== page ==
Is artificial intelligence what the doctor ordered?

Khal Rai, Senior Vice President, Product Development & Operations, SRS Health -

Leveraging interpretive intelligence in clinical workflows

Automation has been making human workers superfluous for centuries, but until recently, those whose jobs required high-level cognitive skills have been able to rest easy, confident that no one machine could possibly replace them when it came to making nuanced decisions based on the evaluation of complicated, at times conflicting data.

However, that was before Artificial Intelligence (AI) came along, jumping straight out of science fiction and into our daily lives. It now seems possible, even probable that machines will replace mid-level knowledge workers, and the question arises: could someday robots replace doctors and nurses?

It’s a vexing question, but not the most critical one facing our industry. A more compelling question is: Will the healthcare ecosystem—the vendors and the solution providers—be able to survive without AI? Doctors and healthcare administrators will increasingly demand answers to this question. As an industry, we must find innovative solutions to these challenges, that are difficult, if not impossible, to solve without the aid of AI-driven solutions.

These questions range from practical issues of practice management to vital questions of patients’ health. For example:
• How much will the treatment cost?
• How much and how fast will I get paid?
• Which treatment option is best for this patient, medication or surgery?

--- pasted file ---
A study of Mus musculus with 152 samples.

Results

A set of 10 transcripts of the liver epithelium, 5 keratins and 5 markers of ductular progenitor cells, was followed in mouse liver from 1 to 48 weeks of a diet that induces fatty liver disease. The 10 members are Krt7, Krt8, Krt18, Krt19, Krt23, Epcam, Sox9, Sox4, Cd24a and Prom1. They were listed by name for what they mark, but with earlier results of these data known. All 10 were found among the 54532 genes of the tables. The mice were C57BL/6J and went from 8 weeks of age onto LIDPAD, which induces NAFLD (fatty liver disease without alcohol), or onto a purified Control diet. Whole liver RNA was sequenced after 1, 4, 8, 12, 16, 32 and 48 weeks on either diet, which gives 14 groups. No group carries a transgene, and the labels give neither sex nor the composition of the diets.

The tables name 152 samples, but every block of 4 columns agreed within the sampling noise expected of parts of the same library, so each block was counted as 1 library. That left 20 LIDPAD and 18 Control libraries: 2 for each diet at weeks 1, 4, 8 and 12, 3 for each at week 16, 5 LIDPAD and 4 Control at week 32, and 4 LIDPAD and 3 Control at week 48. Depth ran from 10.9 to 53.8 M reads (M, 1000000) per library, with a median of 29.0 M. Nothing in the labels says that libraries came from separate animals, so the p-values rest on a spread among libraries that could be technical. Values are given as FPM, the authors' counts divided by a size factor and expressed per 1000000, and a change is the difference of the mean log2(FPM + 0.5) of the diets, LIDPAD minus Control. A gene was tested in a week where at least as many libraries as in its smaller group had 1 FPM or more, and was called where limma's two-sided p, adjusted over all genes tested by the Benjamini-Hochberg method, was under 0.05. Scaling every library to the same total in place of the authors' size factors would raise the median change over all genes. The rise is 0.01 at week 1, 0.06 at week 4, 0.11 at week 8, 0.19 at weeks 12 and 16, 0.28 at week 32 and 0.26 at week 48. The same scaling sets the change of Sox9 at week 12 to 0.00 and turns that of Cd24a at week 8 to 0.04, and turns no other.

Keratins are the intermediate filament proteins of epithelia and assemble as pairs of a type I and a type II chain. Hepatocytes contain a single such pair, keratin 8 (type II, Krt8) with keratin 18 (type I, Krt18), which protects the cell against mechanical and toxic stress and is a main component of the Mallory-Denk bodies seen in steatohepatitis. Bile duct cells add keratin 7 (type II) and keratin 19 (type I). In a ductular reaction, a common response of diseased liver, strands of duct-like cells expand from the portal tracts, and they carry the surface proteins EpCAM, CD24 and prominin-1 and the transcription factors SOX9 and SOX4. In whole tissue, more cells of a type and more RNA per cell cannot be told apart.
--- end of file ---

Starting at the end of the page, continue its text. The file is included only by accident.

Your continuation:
• Where and/or when should I schedule this surgery?
• How long until this patient will be able to return to his/her normal routine?

Some of these, of course, are the perennial questions that have always faced healthcare practitioners. Nevertheless, the recent changes in technology have made innovative solutions possible in a way never before imaginable. All kinds of data are now readily available in easily consumable forms—from personal health information (PHI) to financials to protocols—and storing and managing this data is getting cheaper every day.

Additionally, healthcare providers are beginning to embrace the shift from service, to value-based care, and seeing how it can work for them, clinically and financially. Finally, the healthcare practitioners are changing: computer- and technology-savvy clinicians, who received their medical education and training in the 1990s and 2000s, Generation X and Y, are now entering leadership positions where they can influence change.

In other words, with a greater supply of data, comes a greater demand for it. However, this demand isn’t simply for massive data-dumps of undefined information. What’s necessary is for healthcare providers and administrators to have the critical data they need, and only the data they need, when and where and in an easy to consume form. This is where AI can help make tactical decisions about amalgamating and filtering data.

There’s immense potential for AI (or “smart solutions”) to optimize clinical protocols by drawing on a huge pool of evidence-based results. As we move toward a value-based environment, AI will be increasingly necessary to proactively, and dynamically manage patient outcomes. This, in turn, will optimize the treatment experience, leading to greater patient engagement—and this greater continuity of care will promote both healthier patients and healthier practices. Clinicians will also gain insights into how to manage risks, which leads to lower costs and better margins.

Will robots replace healthcare providers? Unlikely. However, we can start to leverage interpretive intelligence in daily clinical workflow. Machine learning, along with AI, will become an integral part of the healthcare ecosystem because the vast resources of critical data will only be available when clinicians have tools to abstract the data embedded in their daily workflows that result in better patient care at a lower cost.